Microsoft democratizes machine learning, AI access for solving local problems

|August 9, 2016 0

BANGALORE, INDIA: Microsoft looks to ease the access to its machine learning capabilities to help developers build solutions for local problems.

Microsoft is also working with the state governments to address different issues in education, healthcare, agriculture, transportation, etc.

Inaugurating the first edition of Machine Learning & Data Sciences (ML&DS) Conference in Bangalore yesterday, Joseph Sirosh, Corporate Vice President of Data Group at Microsoft, said, “Cloud based services for Machine Learning and Big Data, together with the Internet of Things (IoT) have the potential to revolutionize every aspect of our lives, from sports, healthcare and education and even government.  At Microsoft, our ambition is to democratize the access to these technologies so that software developers can build, innovate and transform the world with them.”


It has engaged with L. V. Prasad Eye Institute to build a predictive model that helps predict regression rates for eye operations, enabling doctors to pinpoint the procedures needed to prevent and treat visual impairments.

Microsoft has partnered with ICRISAT to provide powerful cloud-based predictive analytics to empower farmers with crucial information and insights to help reduce crop failures and increase yield, in turn, reducing stress and generating better income.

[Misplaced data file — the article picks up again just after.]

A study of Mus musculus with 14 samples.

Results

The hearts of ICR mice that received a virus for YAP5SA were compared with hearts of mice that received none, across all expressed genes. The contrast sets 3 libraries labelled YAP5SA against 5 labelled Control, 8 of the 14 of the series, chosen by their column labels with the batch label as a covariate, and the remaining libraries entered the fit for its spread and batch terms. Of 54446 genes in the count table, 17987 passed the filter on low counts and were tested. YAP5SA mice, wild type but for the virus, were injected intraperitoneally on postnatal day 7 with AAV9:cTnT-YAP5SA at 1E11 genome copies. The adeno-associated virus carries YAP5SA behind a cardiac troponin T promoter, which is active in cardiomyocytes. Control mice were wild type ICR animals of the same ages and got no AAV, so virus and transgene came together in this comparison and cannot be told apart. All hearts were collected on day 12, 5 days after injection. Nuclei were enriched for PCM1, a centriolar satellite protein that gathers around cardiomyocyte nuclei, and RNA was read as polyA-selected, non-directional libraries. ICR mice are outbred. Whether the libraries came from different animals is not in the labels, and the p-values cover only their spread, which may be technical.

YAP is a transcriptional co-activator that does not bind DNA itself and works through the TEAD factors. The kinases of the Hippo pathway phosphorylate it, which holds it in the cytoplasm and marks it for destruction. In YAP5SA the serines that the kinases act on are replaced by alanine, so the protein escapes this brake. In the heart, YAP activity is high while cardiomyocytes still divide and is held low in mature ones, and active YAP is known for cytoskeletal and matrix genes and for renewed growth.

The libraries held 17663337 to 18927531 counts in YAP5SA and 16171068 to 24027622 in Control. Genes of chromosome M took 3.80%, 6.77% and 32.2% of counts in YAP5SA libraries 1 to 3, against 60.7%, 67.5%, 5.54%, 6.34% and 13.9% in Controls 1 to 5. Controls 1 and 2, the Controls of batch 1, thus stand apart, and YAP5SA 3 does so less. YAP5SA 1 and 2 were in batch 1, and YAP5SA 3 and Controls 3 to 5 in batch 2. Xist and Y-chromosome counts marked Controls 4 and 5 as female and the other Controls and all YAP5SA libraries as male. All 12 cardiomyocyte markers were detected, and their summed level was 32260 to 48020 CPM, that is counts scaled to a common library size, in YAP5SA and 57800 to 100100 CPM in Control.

Microsoft is holding the ML&DS conference in India for the first time to explore the tremendous possibilities with Big Data, Machine Learning, Artificial Intelligence and Open Source technologies to enable a rich set of platforms, intelligent apps, services and experiences to accelerate economic growth, empower people and drive real impact.

In the conference, Microsoft also unveiled an Azure Machine Learning based approach for calculating target scores in weather-interrupted T20 cricket matches. Anil Bhansali, Managing Director, Microsoft India (R&D), said, “We are offering a platform for software developers in India to create solutions that could change the approach to sports administration and sports management.”

It uses machine learning, applies advanced analytics to past data and existing mathematical formulation to derive the outcome. The approach is now available as a Jupyter notebook in Microsoft’s Cortana Intelligence Gallery for software developers to build on and improve using existing data across multiple areas such as playing conditions, weather and cricket grounds.

Microsoft also held an overnight hackathon for students and early-stage developers to build cool, intelligent applications that take advantage of Microsoft Cognitive Services. Top participants will get a unique opportunity to pitch their ideas to top Indian VCs, faculty and Microsoft executives.